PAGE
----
Aristotle inherited the attempt in Plato’s Republic VIII-IX to treat different governmental systems (politeiai) as having a built-in end. On Plato’s views, each system changes into another, inferior one necessarily. The interesting side of his account is that the nature such systems depends on the psychological make-up of the leading group within the citizen body. The psychological make-up determines decisions and actions in a way that they cause the systems deteriorate inevitably. For this reason, Plato identifies the primary cause of decay at the level of the governmental system, not at the individual decisions. In Politics V-VIII, on discussing various forms of rules Aristotle takes over the teleological approach with a critique of Plato’s position. He finds the account in the Republic simplifying and raises the question again whether there is a teleology built in the nature of politeia, which is distinct from the teleology of particular choices and actions. The analysis of the different forms of political regimes in history allows him to argue that changes at the level of systems are not one-way processes. Furthermore, even if the goal of the natural polis is the best achievable polis (also called, most confusingly, politeia) the development is not inevitable. It needs, among others, appropriate legislative measures. It seems therefore that in explaining the development of governmental systems Aristotle works with a different kind of teleology. It is a teleology which does not imply necessary results.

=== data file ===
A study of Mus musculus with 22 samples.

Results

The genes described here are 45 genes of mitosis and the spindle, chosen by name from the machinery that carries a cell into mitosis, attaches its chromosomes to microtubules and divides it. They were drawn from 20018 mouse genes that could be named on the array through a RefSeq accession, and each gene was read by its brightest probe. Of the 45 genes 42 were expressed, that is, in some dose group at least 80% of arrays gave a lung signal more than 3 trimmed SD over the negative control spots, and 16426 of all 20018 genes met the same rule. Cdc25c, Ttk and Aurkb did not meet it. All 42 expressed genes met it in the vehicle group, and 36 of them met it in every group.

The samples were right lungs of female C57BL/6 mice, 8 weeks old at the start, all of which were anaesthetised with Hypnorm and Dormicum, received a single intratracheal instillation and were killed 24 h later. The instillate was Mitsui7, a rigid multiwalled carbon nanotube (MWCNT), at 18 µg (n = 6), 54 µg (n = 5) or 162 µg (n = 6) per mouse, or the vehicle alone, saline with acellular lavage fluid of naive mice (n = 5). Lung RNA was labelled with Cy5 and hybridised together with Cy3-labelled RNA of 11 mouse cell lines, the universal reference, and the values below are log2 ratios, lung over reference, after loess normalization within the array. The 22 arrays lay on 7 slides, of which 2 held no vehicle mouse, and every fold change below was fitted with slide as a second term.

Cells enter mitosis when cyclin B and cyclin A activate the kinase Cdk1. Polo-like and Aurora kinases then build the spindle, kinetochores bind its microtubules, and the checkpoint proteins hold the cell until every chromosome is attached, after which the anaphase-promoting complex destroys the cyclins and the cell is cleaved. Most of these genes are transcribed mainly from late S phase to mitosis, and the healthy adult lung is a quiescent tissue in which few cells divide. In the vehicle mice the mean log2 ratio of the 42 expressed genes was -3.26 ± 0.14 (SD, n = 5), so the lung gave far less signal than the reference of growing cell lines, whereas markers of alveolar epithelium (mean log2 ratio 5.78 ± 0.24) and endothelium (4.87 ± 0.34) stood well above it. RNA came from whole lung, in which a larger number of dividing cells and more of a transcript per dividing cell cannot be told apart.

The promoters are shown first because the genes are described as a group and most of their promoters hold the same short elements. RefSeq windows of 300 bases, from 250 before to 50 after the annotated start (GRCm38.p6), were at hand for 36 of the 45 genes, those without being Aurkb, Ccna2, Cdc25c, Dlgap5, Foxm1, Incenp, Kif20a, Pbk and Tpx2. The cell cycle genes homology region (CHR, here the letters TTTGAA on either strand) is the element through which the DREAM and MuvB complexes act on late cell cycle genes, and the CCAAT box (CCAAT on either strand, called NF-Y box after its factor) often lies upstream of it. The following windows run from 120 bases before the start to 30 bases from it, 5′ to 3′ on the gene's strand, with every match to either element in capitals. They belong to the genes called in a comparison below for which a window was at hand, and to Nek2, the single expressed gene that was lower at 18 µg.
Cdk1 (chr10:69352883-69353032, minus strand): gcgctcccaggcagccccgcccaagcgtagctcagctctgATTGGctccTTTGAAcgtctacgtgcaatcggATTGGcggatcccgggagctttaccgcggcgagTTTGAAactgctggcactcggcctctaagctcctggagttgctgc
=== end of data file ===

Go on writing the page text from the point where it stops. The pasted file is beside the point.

Péter Lautner teaches philosophy at the Pázmány Péter Catholic University. He worked for various international projects, has been contributing to the 'Ancient Commentators on Aristotle Project' (KCL) since 1991, published widely on late ancient and Byzantine philosophy, particularly on psychology and epistemology, but more recently on ethics as well.
The chief goal of the "Meant to Be: Resuscitating the Metaphysics of Teleology" project is to foster intelligent debate on philosophical issues concerning science, religion, and their conflicts and connections.
Headed by principal investigator Daniel Kodaj, along with research assistant Tamás Paár, and co-investigators László Bernáth and Martin Pickup and running from October 2020 to March 2022, the project will include a public seminar series, two international conferences, two edited volumes, and an online materials and bibliography that will be available on-line at the project website. In addition to its research activities, the project is launching a Hungarian YouTube channel to explore some of the project’s main topics intending to be accessible to non-academics, too.
"Meant to Be: Resuscitating the Metaphysics of Teleology", is supported by a subgrant from the New Horizons for Science and Religion in Central and Eastern Europe initiative, is supported by grants from the Ian Ramsey Centre and the John Templeton Foundation.and is hosted by the CEU Center for Religious Studies.
To find out more about this project, visit the website www.teloi.org.